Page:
Elric, emperor of Melniboné, is not your typical fantasy hero. He’s an albino with white skin, long white hair, and slanting red eyes. He’s weak and has to take drugs every few hours just to maintain the strength of a normal man. He’s a brooding and contemplative scholar, which makes him dull at parties.
Some people think Elric is a demon — he sure looks like one — and many of his subjects would prefer to have the throne of Melniboné occupied by Elric’s charismatic cousin Yyrkoon who looks and acts like a leader should. He’s strong, agile, and nationalistic, and he wants to restore Melniboné to its former greatness.
While Yyrkoon is dancing, acting like a proper nobleman, and plotting to kill Elric, Elric spends his time thinking about tradition, social justice, and his duty to his country. Is it Elric’s job to give the people of Melniboné what they want — tradition, a powerful leader, war, and dominance over smaller states — or is it better to be universally humanistic and to try to lead Melniboné, against its wishes, into cooperation and peace with its neighbors? Should Elric sacrifice his personal ideals in order to be the leader his people demand? Is his responsibility to his country or to the world at large?
Elric of Melniboné, by Michael Moorcock, is a thought-provoking work but, at the same time, it’s appealing to those who just want to read a good sword & sorcery story — sea battles in grottos, ships that sail on land or sea, magic mirrors that wipe out memory, and fights with demons in the underworld. Many of the Elric stories were originally published in pulp magazines or as novellas, so they are fast-paced with sketchy scene and character development. This is likely to be unsatisfying to some readers, but I enjoyed the quick pace and appreciated Elric’s introspective concerns about his duties.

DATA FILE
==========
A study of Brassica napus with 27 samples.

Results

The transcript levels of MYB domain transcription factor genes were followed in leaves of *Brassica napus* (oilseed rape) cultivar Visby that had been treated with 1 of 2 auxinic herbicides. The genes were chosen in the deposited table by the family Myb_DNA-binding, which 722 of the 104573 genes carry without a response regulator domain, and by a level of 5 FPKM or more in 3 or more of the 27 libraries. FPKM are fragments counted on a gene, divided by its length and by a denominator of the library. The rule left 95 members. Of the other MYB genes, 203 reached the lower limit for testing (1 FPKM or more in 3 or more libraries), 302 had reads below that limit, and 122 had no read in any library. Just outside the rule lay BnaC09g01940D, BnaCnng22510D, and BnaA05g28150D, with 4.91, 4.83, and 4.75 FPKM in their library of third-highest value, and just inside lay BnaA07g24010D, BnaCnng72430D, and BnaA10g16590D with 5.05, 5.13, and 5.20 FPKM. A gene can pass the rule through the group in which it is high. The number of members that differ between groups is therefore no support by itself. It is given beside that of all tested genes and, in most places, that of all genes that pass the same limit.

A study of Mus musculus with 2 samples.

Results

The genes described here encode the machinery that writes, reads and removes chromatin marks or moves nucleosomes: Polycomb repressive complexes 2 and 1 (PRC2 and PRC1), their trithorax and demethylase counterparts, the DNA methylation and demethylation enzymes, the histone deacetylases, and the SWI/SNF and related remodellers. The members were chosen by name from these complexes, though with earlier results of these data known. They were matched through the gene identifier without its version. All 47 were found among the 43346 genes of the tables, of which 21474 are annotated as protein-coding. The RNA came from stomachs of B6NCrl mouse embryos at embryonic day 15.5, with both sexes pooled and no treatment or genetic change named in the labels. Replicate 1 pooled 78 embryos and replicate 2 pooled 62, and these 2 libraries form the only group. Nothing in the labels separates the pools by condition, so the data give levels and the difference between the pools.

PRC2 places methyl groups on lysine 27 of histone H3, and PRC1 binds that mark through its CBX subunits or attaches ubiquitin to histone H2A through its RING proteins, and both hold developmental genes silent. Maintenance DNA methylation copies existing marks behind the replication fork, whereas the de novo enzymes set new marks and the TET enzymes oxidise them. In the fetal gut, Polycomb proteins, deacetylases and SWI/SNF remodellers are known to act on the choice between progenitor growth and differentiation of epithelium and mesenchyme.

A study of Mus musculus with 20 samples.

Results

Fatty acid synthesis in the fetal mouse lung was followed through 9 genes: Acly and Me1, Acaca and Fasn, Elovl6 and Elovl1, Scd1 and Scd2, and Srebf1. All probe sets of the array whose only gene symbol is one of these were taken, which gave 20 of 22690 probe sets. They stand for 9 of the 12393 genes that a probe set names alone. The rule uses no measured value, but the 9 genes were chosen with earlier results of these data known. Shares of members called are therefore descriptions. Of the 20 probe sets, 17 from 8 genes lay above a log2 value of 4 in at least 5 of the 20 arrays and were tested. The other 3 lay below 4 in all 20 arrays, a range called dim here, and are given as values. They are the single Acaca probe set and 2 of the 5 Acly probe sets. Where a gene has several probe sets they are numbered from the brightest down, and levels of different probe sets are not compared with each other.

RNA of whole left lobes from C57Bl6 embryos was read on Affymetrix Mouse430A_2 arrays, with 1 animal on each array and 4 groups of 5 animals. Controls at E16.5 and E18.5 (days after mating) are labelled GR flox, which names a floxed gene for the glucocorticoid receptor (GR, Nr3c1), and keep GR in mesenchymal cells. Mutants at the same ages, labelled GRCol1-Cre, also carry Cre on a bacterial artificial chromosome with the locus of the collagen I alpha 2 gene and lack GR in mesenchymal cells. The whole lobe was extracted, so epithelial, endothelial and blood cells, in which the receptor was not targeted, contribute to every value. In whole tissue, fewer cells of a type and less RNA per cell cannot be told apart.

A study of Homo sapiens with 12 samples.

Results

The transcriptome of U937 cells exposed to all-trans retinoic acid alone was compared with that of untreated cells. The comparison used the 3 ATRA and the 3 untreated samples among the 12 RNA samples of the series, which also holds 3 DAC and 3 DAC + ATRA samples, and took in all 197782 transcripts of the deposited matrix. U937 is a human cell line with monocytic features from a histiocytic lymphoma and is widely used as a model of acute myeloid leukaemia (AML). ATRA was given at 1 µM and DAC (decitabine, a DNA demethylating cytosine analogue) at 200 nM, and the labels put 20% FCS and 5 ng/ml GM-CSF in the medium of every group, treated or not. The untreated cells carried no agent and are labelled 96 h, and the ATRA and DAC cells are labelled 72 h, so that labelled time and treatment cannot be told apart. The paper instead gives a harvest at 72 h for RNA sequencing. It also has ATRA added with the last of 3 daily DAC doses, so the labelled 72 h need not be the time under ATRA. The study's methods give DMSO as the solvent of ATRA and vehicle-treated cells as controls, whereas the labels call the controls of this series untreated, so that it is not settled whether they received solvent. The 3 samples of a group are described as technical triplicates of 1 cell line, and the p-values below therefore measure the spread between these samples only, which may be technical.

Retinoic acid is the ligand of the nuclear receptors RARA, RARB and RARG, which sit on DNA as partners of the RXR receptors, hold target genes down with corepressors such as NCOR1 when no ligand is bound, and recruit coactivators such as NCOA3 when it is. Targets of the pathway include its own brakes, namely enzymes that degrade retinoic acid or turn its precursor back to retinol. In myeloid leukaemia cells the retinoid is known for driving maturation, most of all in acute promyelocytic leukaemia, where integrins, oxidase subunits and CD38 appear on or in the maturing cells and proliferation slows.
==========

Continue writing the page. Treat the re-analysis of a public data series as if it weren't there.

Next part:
I listened to Audio Realms’ production of Elric of Melniboné. Jeff West was an excellent narrator, but I was annoyed by the music which plays behind the entire book’s text — not just at the beginning of chapters or scenes (listen to sample). It is soft and doesn’t cause any trouble with hearing the narration, but it’s clearly designed to add drama and emotion to the story and I prefer to let Moorcock do that himself. I would have enjoyed Elric of Melniboné more if there had been no music at all and I’ll be careful about Audio Realms’ productions in the future.